From the March-April 2017 issue of News & Letters
East Chicago, Ind.—On Feb. 4, the bitterest day of 2017, a hundred people from Northwest Indiana gathered to rage against Trump’s Muslim ban. They protested the exclusion of thousands of people at international airports—including those with visas and green cards and even passports. As well, Trump won’t stop boasting of building a “great, great wall” on the border with Mexico.
Our outrage was equally directed against his escalating campaign to evict from the U.S. millions of immigrants from the Middle East and Latin America in particular. Steelworkers, Teamsters, railroad workers and other labor activists joined people from communities on Trump’s hit list—Syrians, Iranians and Mexicans—to demand “No Ban! No Wall!”
The signs people in the crowd raised included: “Where there is oppression there will be resistance”; “Resistance—Some Assembly Required” and “You are on Stolen Native American and Mexican Land.”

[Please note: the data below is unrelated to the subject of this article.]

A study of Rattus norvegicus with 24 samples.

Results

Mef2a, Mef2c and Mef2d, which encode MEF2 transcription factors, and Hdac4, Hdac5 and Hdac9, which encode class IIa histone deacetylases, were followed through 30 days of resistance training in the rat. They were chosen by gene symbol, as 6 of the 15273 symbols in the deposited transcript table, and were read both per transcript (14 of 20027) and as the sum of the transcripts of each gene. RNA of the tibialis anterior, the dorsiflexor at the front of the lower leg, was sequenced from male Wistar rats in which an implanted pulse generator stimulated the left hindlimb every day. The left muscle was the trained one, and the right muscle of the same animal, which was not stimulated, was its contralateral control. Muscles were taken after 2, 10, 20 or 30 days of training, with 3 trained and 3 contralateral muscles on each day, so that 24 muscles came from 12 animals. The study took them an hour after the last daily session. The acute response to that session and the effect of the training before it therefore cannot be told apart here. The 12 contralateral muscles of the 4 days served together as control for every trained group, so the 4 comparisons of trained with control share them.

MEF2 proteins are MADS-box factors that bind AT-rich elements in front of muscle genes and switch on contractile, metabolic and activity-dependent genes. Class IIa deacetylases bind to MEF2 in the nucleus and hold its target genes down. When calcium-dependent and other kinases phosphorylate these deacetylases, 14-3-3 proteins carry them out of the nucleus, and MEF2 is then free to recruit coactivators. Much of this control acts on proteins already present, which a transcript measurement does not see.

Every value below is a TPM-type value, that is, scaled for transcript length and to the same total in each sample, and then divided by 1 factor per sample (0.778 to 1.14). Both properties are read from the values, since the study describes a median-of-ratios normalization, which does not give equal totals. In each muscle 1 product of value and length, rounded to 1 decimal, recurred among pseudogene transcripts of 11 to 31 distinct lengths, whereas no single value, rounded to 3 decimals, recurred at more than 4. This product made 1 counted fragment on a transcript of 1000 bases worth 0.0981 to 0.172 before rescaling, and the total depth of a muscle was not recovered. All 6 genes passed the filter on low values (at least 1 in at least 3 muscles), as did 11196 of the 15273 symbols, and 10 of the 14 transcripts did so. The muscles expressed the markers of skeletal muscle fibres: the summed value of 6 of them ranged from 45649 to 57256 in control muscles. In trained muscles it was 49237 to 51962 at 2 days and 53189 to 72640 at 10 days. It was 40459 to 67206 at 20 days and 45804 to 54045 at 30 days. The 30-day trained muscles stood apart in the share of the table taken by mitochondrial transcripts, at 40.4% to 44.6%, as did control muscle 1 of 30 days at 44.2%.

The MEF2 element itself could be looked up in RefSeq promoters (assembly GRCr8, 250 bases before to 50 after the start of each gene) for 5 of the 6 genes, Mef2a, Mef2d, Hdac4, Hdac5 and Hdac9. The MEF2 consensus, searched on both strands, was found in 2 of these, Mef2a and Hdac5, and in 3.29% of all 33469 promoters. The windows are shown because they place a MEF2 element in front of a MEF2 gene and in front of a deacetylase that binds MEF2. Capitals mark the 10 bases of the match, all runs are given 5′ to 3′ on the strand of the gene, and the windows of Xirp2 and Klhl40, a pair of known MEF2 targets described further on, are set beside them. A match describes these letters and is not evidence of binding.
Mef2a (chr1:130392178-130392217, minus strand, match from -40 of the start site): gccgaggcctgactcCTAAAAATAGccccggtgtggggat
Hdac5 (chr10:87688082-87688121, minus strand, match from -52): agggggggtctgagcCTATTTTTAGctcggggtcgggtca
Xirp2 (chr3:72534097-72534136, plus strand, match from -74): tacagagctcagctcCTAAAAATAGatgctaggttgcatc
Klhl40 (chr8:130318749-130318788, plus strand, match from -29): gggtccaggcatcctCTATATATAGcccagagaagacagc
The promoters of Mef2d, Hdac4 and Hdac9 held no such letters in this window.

As one young Mexican woman reminded us as she recounted her family’s own journeys to the U.S.: “The history of humanity is the history of immigrants.”
Other speakers included activists from Black Lives Matter and Free Syria. The Free Syria speaker represented people with no refuge from Bashar al-Assad and Vladimir Putin’s massacres, just as the doors of refuge in the U.S. and Europe are slamming in their faces. One Iranian woman described her mother’s exclusion, and carried her picture on a sign reading: “My 75-year-old mother is not a terrorist.”
Since this rally, and while Trump’s Muslim ban has supposedly been withdrawn in the face of judicial rejection, it looks like Trump’s ban continues in practice at the border.
Immigration officials without even fake legal authority are still currying favor with their boss by stopping people entering—people as prominent as Muhammad Ali’s son and a prominent French scholar of the Holocaust. Cleaning up after Trump will take awhile, no matter how rapidly resistance grows to his regime.